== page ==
In honor of National Adoption Month, we're sharing the stories of adopted teens. Do you have a story to tell? Email firstname.lastname@example.org.
I was five and a half years old when my parents adopted me in China and brought me to my new home to America. As my mom always says, I eagerly ran into her arms and truly have stayed there for the past 12 years. She is my mom, my best friend, the woman I admire most in the world. But for the longest time, my family marked that day we met in China as something known in adoption circles as "Gotcha Day."
Lots of families celebrate the day they met their adopted child and became a family. But while I appreciate the love and everything else my parents give me, Gotcha Day can be a mixed bag -- one that leaves kids like me sad and confused. What's missing from Gotcha Day is this: The acknowledgement that adoption is also about loss.
While adoptive parents may be celebrating a long-awaited child finally entering their lives, that child in their arms has experienced abandonment or has been surrendered for reasons they may never know or understand. It's a lot to process. And sometimes while adopted kids are processing it, their feelings of loss override their feelings of happiness. Gotcha Day is one of those times when we think about our past and how little some of us actually know about it. We think about our biological parents and wish we knew them and could ask them why they didn't keep us. We think about what our lives would be like, where would we be, what our futures would look like, had there been no Gotcha Day.
The day I got my driver's license.
It's been said that adoption loss is the only trauma in the world where everyone expects the victims to be grateful and appreciative. I am grateful and appreciative, but I also want to remind people that someone's happiness over building their family through adoption may also be someone else's sorrow over losing their child for circumstances they couldn't control. Gotcha Day feels like a day of fake smiles if we don't acknowledge that it's also about loss, not just gain.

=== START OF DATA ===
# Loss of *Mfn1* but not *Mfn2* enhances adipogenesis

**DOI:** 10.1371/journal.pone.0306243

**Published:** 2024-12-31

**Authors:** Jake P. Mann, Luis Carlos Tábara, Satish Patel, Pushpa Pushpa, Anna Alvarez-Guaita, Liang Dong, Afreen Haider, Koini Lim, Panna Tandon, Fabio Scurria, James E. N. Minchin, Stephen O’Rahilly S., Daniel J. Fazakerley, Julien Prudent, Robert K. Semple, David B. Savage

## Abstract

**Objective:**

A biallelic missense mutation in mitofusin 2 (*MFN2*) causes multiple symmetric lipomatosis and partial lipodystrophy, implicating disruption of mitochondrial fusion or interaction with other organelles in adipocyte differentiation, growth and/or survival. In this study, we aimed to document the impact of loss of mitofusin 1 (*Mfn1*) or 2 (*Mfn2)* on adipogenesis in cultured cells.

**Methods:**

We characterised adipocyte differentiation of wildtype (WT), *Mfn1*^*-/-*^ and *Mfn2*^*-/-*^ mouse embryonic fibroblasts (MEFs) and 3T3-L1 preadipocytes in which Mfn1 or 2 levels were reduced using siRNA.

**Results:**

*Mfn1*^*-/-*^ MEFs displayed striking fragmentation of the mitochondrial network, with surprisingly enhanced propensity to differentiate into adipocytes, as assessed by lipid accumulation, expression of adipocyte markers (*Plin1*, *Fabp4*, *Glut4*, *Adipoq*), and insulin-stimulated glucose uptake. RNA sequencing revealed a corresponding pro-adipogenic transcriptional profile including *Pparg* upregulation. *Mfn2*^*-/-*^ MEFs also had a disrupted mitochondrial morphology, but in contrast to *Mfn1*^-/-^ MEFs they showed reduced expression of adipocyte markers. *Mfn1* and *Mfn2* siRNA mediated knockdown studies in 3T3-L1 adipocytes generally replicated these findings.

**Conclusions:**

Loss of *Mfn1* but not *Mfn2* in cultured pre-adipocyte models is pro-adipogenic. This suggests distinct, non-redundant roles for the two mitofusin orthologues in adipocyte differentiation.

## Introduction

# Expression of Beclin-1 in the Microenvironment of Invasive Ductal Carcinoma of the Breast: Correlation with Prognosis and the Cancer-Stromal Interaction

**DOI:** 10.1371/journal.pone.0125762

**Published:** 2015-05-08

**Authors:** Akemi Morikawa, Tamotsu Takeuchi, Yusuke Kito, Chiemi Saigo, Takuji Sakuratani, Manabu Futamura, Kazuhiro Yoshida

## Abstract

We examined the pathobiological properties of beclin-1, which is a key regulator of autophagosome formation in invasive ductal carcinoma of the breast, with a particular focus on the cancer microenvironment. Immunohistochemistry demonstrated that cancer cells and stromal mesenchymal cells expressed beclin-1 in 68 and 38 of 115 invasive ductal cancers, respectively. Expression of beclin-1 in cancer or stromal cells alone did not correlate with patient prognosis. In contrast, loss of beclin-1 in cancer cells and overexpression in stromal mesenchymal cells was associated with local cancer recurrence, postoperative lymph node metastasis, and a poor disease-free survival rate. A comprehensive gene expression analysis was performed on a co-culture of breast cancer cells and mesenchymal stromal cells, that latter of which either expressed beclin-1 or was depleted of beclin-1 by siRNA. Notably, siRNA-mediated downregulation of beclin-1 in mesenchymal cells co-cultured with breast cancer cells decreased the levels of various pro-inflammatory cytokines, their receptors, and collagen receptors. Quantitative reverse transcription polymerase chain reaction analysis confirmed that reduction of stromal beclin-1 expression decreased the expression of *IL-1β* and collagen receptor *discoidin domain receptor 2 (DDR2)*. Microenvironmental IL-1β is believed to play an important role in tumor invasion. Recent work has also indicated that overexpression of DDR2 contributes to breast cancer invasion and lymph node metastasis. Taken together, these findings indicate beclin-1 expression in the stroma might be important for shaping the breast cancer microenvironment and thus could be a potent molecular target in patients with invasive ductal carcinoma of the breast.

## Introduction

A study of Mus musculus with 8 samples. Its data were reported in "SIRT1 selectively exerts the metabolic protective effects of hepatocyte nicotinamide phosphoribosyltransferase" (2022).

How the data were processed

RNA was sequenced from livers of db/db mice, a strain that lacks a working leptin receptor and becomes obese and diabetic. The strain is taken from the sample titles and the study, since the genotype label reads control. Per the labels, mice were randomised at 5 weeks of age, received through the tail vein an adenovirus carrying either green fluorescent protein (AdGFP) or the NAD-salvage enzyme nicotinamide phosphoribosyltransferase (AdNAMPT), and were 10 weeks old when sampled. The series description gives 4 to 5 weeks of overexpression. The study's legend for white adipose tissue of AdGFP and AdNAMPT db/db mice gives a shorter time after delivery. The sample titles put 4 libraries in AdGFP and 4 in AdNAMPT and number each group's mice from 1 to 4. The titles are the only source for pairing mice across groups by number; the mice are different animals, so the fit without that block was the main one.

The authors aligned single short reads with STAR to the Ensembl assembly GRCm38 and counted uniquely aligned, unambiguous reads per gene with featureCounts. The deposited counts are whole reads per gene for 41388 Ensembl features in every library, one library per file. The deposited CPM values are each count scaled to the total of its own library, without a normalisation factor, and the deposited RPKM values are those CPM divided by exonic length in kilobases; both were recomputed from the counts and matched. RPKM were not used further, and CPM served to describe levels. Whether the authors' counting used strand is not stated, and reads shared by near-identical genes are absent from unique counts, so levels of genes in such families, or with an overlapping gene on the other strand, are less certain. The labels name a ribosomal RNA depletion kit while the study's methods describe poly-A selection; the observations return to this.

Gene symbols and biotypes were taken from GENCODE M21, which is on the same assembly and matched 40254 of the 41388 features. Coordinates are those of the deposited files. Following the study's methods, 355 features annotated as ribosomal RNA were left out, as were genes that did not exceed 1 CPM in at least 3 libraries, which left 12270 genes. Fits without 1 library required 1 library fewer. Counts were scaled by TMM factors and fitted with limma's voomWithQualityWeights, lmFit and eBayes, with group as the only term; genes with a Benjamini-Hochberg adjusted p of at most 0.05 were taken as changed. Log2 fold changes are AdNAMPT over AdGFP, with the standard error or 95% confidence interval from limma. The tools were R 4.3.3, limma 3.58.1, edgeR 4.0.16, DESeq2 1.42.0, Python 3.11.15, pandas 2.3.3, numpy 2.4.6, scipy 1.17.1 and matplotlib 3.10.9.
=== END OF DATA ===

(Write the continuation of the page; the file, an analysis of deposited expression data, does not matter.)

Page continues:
In my family, we now celebrate Family Day. My parents show my brother and me the photos of when we first met. We talk about how she fed me a big bag of M&M's (still my favorite candy; how did she know?) that I promptly threw up on her in the cab ride back to the hotel. I tell her every Family Day how she shouldn't have let our guide throw away the yellow sweatsuit that I vomited on. It was the last thing my orphanage caregivers dressed me in and was a tangible part of a past that has many unknowns. (I forgive her; she was jet-lagged and the guide took away the dirty clothes and just put them in the trash knowing my mom had a suitcase full of new things for me to wear from America.)
With my brother, Simon.
Every Family Day, we laugh about my little brother's Elvis sneer and bewilderment at the events of the day we got him. We laugh about how -- I was 7 at the time and had been living in America for two years -- I took one look at him and began asking my mom if we could get a puppy instead. We remember how while my parents were busy filling out paperwork and he and I sat coloring and my dad threw a ball at his head. My mom screamed and my brother, without even looking up from his coloring, raised his left hand and caught the pitch perfectly. "A leftie! Yes!!" shouted out my dad, a life-long Cubs fan. I'm not sure if the Chinese officials thought it was funny, but we sure laugh about it every Family Day.
With my mom and brother.
I love our Family Day. It celebrates our love for one another plain and simple. And we always end it by lighting a candle for our first families and going outside to talk to the moon.
Sophie Johnson, 17, is a junior at Malibu High School. She is the founder of Sophie's Project, a nonprofit campaign to raise money for older Chinese orphans.